On his second album Gebrauchsmusik, young Swedish composer and producer Marcus Fjellstrom has created a release of eerie post classical music that doesn't pretend to be friendly or warm. In fact, the title of the release roughly translates (German) to "utility music," and his squirming compositions bristle with electronically-filtered strings, prepared piano, and percussion. The result is an album that's definitely on the uneasy side, with track titles that reference both War, Death, and Fairytales (but certainly not ones with happy endings).
"Reanimation Music" opens the release and sounds somewhat like you might expect given the title, as layers of heavily-filtered voices twitch and moan while trying to break free from some sort of digital morass as sloshing percussion and filtered woodwinds make an even more unsteady backdrop. "War Music, 1st Perspective" follows, and it's easily one of the best tracks on the entire release, as skittering, chromatic beats swarm together and create a rustling backdrop for some broken piano notes and pitch-bent strings that sound downright horror show.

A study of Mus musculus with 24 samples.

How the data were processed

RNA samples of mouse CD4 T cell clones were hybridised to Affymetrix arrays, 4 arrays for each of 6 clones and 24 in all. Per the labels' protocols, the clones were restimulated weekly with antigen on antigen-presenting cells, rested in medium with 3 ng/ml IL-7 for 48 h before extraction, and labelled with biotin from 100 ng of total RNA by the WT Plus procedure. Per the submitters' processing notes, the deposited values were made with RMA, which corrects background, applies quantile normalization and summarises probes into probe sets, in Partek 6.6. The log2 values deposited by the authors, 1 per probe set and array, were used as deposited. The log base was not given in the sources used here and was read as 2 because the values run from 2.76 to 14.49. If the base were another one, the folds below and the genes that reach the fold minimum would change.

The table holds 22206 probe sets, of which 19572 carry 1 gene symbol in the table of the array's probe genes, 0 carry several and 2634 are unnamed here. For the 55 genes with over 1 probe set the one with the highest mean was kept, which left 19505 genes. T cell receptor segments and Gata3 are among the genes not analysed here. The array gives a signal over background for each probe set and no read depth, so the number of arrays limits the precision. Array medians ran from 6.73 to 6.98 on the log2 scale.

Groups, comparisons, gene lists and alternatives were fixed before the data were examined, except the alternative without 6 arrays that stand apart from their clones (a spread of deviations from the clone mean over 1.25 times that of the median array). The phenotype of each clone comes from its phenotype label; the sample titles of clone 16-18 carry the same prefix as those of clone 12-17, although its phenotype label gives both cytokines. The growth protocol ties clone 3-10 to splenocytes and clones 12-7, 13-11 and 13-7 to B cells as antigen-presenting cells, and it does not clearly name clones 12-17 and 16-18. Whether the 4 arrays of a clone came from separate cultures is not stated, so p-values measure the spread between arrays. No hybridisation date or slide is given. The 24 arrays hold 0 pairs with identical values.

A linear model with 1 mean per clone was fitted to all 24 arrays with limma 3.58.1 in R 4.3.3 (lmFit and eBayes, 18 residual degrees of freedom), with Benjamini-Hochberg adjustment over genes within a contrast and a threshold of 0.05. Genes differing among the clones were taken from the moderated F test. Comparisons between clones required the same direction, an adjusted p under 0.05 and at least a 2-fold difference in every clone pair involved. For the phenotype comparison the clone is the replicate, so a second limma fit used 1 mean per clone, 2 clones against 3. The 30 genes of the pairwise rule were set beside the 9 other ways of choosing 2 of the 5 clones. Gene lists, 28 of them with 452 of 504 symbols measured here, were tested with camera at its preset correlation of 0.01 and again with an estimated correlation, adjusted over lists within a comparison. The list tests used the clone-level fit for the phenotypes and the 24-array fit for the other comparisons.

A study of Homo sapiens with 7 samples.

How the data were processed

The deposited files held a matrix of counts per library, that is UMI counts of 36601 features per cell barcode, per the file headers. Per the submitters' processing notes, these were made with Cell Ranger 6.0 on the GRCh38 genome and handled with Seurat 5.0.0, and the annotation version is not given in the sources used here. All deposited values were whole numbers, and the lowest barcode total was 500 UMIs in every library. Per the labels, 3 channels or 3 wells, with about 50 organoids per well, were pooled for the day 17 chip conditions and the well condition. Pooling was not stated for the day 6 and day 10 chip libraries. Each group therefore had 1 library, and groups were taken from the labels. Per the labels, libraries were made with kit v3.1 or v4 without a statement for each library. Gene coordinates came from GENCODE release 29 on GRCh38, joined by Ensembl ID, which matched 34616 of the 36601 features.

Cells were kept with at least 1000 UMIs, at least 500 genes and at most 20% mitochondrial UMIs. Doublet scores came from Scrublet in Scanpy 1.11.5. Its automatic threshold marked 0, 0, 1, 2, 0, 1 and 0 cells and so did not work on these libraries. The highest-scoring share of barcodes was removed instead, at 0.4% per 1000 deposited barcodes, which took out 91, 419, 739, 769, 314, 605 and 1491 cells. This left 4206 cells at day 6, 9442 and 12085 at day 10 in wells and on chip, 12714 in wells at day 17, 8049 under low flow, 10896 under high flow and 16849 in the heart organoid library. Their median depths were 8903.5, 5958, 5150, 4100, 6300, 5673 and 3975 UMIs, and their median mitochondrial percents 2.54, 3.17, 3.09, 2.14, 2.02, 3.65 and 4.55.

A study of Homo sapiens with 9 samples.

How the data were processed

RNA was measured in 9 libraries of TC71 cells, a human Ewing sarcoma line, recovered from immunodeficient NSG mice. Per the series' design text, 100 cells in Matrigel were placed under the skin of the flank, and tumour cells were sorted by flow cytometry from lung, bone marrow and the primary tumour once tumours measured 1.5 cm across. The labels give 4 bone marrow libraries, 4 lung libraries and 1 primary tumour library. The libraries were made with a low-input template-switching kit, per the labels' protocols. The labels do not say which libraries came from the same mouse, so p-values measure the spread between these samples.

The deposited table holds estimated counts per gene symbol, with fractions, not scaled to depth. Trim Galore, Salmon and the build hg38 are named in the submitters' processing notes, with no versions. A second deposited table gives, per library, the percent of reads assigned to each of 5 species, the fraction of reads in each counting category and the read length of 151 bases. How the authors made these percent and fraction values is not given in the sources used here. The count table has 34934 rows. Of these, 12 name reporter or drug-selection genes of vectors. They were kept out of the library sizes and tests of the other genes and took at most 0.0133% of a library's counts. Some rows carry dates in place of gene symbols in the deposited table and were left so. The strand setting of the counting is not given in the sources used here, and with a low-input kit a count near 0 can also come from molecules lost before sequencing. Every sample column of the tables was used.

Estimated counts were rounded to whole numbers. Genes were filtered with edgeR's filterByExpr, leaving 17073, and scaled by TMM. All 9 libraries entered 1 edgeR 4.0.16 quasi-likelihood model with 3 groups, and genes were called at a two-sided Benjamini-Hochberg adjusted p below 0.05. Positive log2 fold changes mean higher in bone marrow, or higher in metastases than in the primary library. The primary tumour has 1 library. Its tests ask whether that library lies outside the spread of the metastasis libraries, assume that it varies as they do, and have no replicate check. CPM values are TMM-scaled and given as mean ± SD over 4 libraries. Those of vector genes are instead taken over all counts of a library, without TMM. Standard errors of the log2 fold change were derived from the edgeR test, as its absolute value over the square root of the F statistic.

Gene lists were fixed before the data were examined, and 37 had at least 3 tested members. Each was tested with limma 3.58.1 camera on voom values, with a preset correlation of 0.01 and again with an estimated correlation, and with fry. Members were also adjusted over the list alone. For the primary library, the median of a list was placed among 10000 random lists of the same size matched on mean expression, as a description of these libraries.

As mentioned above, both "Fairy Tale, 1st Perspective" and "Fairy Tale, 2nd Perspective" are definitely more on the haunting side of things than something you'd want to play for a small child before bed. The former features muffled voices speaking out some unintelligible words under more dissonant strings, while the latter is flat-out evil, with the voice again coming back as more distorted screams and moans play out alongside queasy string stabs and gritty static.
So the album goes, with themes being revisited depending on the track titles and ideas being presented. All three parts of War Music are more rhythmic, with chattering percussion and heavy tones, while the Dance Music pieces take on slightly lighter feels, but still move as if encumbered by grit and decay. As expected, the two Death Music pieces are deep drones that are dark enough to imagine them simply being the accompaniment to having your own casket lowered into the ground. Even though the total running length of Gebrauchsmusik is under fifty minutes, it feels longer because of the cold and oppressive compositions. If you're interested in wallowing, this one won't nudge you out from under a black cloud.